Finding Your Mom BFF

If your social skills are rusty since laboriously inviting new humans into this sometimes inhospitable world, you might be having a hard time making new friends at the playground. I am finally putting an end to a long dry spell and have a bit of advice to share on what to say when you’re trying to move in on a cool new mom friend you actually want to hang out with.

After countless hours at school and community gatherings with other parents, I have learned that if you don’t come prepared, you will end up having eye-gouging conversations about:

a) weather
b) local corruption/potholes or
c) the achievements or pitfalls of other children that don’t concern you.

Not that I’m apathetic towards my child’s west-826947_1920peers, but there IS a peak level of information you want about other people’s kids. So many parents cross that line, usually unwillingly and in the heat of an awkward silence. I know I’ve clamored on about my son’s “thoughtfulness” or “flexibility” and literally felt sorry for my audience, trapped and cornered in a Chuck E. Cheese. So, yeah … rusty at best.

Recently, my situation has changed and I have learned how to whittle the crowd down to the ones I might have a genuinely interesting conversation with, rather than both of us secretly planning escape routes in our minds. This might sound a little judgmental, but I have found that what people are wearing is the first helpful clue. If they are well-put together with perfect hair and make-up and you are the type to wear thrift store clothing for environmental reasons, it is likely you will end up talking about Sally’s never-ending nasal congestion.

However, just because I am wearing activewear does not mean I am active! A good first topic for an initial feeling-out conversation is asking about hobbies outside of children. It’s nice to be recognized as more than mom occasionally and should you have any hobbies in common, it’s an instant bond. My favorite new mom friend and I are trading succulents on the regular now. Besides being something you’re already invested in, sharing hobbies motivates you to dig deeper into those side passions which make you remember who you are besides first chair nose-wiper (you can love both).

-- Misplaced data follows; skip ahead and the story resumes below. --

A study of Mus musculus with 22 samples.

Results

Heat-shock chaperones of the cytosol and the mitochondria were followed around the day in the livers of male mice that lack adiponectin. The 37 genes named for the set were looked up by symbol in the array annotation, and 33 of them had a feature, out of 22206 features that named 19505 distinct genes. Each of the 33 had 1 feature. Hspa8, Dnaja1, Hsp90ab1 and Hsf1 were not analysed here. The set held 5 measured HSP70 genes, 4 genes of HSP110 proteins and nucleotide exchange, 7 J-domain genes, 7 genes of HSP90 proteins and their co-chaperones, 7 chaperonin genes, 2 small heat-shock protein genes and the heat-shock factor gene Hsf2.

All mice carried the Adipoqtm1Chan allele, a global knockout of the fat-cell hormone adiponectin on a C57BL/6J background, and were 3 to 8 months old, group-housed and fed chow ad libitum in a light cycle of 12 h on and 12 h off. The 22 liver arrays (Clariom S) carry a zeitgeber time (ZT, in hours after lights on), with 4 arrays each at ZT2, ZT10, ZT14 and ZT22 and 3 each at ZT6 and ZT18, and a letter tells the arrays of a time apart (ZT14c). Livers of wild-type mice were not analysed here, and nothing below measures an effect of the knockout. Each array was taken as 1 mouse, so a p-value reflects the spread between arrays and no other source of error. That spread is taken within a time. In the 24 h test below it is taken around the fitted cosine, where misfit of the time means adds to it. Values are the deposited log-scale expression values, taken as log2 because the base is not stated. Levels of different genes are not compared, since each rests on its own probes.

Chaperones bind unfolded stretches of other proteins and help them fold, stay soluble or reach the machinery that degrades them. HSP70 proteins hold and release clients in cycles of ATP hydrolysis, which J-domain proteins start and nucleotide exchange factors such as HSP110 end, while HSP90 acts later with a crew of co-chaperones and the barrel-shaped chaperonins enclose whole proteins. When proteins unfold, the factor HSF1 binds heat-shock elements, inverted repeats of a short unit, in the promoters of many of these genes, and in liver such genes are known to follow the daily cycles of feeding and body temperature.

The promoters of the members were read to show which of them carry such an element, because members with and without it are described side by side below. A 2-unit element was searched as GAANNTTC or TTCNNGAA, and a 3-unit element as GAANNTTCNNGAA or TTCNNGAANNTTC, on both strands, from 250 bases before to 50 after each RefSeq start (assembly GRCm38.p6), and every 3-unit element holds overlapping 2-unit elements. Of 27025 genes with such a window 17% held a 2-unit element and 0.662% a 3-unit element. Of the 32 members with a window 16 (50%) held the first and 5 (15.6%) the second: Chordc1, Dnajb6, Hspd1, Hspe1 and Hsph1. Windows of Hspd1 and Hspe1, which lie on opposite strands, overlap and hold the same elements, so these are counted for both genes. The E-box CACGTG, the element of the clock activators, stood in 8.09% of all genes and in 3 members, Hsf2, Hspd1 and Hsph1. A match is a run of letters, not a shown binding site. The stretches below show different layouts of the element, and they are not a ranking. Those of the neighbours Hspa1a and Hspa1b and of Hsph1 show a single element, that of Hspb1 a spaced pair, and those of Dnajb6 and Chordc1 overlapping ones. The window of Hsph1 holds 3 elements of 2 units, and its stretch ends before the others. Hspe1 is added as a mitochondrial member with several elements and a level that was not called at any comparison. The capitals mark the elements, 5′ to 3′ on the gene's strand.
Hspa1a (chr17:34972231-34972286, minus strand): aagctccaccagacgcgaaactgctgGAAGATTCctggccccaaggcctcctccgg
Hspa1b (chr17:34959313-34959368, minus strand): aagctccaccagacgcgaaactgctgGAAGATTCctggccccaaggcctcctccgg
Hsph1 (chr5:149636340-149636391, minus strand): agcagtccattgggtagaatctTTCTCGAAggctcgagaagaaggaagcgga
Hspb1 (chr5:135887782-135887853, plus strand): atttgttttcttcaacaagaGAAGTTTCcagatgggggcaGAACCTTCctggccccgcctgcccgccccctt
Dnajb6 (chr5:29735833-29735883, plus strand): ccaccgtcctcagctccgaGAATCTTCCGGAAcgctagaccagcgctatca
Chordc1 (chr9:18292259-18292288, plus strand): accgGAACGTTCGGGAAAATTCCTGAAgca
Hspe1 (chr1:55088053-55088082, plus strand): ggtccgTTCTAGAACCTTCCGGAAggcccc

Trading stress busting techniques is also a worthwhile conversation to have with new mom friends in this delicate but frenzied stage of life. For instance, I use podcasts for a meditation-like experience, while learning something new or listening to inspirational stories. Television shows are another obvious bonding tool. TV  is cheap, requires no extra energy and there is only so much you can do without spending money or energy between you and your children’s bedtimes. Most parents are too busy to research what’s truly good to watch and it’s really helpful to have someone summarize what a show is about before wasting precious time scrolling through Netflix.

Another thing to share if you are ready to begin a mutually beneficial, potentially life-saving friendship is a big slice of humble pie. In this world of continual one-upmanship, it feels so good to let your guard down and share how you are actually feeling underneath that arduously applied mask of anti-aging concealer and eye-brightening emulsion. It’s common for moms to be sensitive about other people’s judgment because we are likely doing our best but consistently being reminded that our best isn’t good enough.  Our best isn’t politically correct enough, up to date enough or we aren’t being pretty enough while doing our best. Laughing about the very things that made you want to cry yesterday with someone who has felt those exact sentiments is mommy magic.

Good luck on your mom best friend hunt … and if you are one of those lucky ladies who just can’t fit another girl in your circle but are always being approached at the park … reach out to me, because I also *happen* to know all the wrong things to say.